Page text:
Although the 1099 economy has been growing over the last few years, it has yet to transform the workforce landscape — though we may be in the early stages of a "gig economy" transformation. According to Bloomberg, the percentage of workers receiving 1099s "is up from 12 percent of the workforce in the late 1990s to 16 percent in 2013 ... So this rise of the 1099-MISC does seem to be indicative of a real-if-not-yet-exactly-transformative shift in American labor markets."
Benefits for Workers and Organizations: Flexibility and Cost
The 1099 economy, also called the "gig economy," the "on-demand economy" or the "freelance economy," represents the growth of organizations using independent contractors to do work. When organizations pays $600 or more per year to a non-employee, they are required to send that worker an IRS form 1099-MISC. 1099 workers can have the flexibility of choosing the organizations they work for, and usually work whenever and wherever they want. Uber drivers, for example, can choose their own schedule, using the Uber platform to find customers and get paid.
For organizations engaged in the gig economy, the benefits of flexibility and cost control are clear. As the amount of work increases, firms can look to independent contractors to close the gap. Since the 1099 worker is not considered an employee under the Fair Labor Standards Act, the organization isn't required to track hours or pay overtime, nor must they pay for health insurance, unemployment insurance, social security and Medicare taxes, vacation pay or other benefits. By contracting 1099 workers, organizations can flexibly expand to meet their workloads.
A Trend to Restrict or Regulate the Gig Economy
As 1099 economy firms such as Uber, Airbnb and Upwork have expanded, there's been some growing pains in the form of efforts by governments and communities to regulate the gig economy. For example, voters in Austin recently passed a referendum forcing Uber and Lyft drivers to undergo fingerprinting and background checks. The ride-sharing services responded by pulling out of the Texas city. Whether the situation in Austin is an aberration or the beginning of real pushback from communities is open to debate, and only time will tell.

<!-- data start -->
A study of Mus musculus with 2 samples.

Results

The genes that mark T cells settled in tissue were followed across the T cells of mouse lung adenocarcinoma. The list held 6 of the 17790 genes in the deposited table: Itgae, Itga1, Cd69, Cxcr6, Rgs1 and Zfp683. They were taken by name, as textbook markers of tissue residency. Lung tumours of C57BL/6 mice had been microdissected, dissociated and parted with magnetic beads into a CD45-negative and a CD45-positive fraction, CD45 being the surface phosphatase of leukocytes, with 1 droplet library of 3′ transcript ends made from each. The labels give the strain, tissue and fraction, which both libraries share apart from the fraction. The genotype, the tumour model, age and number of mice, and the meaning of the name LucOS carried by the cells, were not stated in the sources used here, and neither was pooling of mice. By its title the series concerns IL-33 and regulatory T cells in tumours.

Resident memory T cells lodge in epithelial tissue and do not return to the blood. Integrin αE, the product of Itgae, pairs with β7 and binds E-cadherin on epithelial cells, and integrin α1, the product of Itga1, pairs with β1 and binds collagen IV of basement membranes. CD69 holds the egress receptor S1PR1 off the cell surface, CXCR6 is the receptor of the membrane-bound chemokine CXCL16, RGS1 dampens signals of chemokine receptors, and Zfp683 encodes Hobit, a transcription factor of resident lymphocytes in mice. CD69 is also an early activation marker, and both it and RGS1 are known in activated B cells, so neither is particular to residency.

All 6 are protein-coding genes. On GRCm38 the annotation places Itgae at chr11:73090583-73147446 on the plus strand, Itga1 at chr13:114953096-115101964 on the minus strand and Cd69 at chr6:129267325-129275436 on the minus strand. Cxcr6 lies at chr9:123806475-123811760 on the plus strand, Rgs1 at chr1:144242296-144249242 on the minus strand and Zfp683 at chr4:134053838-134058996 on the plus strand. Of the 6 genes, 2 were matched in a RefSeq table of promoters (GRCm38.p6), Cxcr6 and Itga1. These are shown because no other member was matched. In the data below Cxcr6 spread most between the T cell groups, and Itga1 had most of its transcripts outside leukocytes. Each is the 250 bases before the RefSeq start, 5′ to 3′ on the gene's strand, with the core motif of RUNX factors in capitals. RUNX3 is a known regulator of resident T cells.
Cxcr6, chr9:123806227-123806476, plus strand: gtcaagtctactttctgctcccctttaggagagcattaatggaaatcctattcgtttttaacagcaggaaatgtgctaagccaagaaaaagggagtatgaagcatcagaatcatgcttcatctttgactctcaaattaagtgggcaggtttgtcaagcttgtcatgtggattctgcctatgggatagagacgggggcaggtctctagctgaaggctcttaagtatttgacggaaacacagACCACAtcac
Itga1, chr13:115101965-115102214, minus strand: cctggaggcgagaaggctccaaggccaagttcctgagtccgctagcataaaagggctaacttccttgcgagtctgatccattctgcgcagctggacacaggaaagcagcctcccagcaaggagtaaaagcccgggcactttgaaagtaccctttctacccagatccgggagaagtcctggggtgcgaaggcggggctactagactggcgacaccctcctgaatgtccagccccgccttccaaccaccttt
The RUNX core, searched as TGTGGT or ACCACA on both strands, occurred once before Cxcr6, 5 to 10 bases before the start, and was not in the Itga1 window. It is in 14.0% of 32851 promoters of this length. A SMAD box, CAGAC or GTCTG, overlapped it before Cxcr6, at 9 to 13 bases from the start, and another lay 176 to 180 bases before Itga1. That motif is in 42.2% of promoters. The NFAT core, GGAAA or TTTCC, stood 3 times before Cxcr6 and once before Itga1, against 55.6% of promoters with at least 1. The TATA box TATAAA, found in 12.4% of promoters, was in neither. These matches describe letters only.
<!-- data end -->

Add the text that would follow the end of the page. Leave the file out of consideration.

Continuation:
In addition to a growing demand for regulation, there's also been a movement toward establishing benefits packages for gig workers, with a special emphasis on health care. The health care subsidies offered under the Affordable Care Act have helped many gig workers get coverage. In fact, according to Wired, 82 percent of gig workers had health insurance coverage in 2015. The Freelancer's Union is also working hard to help independent contractors gain access to an array of benefits that full-time employees have access to.
Compliance Risks and the Gig Economy: Misclassification
Like all trends, the gig economy has its benefits and its risks. Perhaps the biggest risk involves the potential for employee misclassification. The Department of Labor and the IRS have been cracking down on organizations that misclassify a worker as a 1099 independent contractor but actually treat that worker as a W-2 employee. The organization's mere classification of the worker is not determinative of a worker's status, but the DOL and the IRS may look at the facts and circumstances of each case to determine "the degree of control" the employer has over the worker and her work.
What factors are relevant to determine an employer's "degree of control" of an independent contractor? According to DOL Fact Sheet #13, some factors include the following:
- To what extent does the employer control the employee's behavior and schedule, such as when, where and how the employee works? What's the level of control in terms of supervision?
- Are expenses reimbursed, and is the worker paid hourly or by the job?
- Is there a contractual relationship, and if so, what are the terms and the reality of that relationship?
- Does the employer provide benefits and/or training to the worker?
As the gig economy grows, so will related compliance risk for organizations engaging 1099 workers. Having a clear delineation of the legal rights and status between W-2 employees and 1099 workers will be more and more important as the fast-evolving gig economy continues to grow.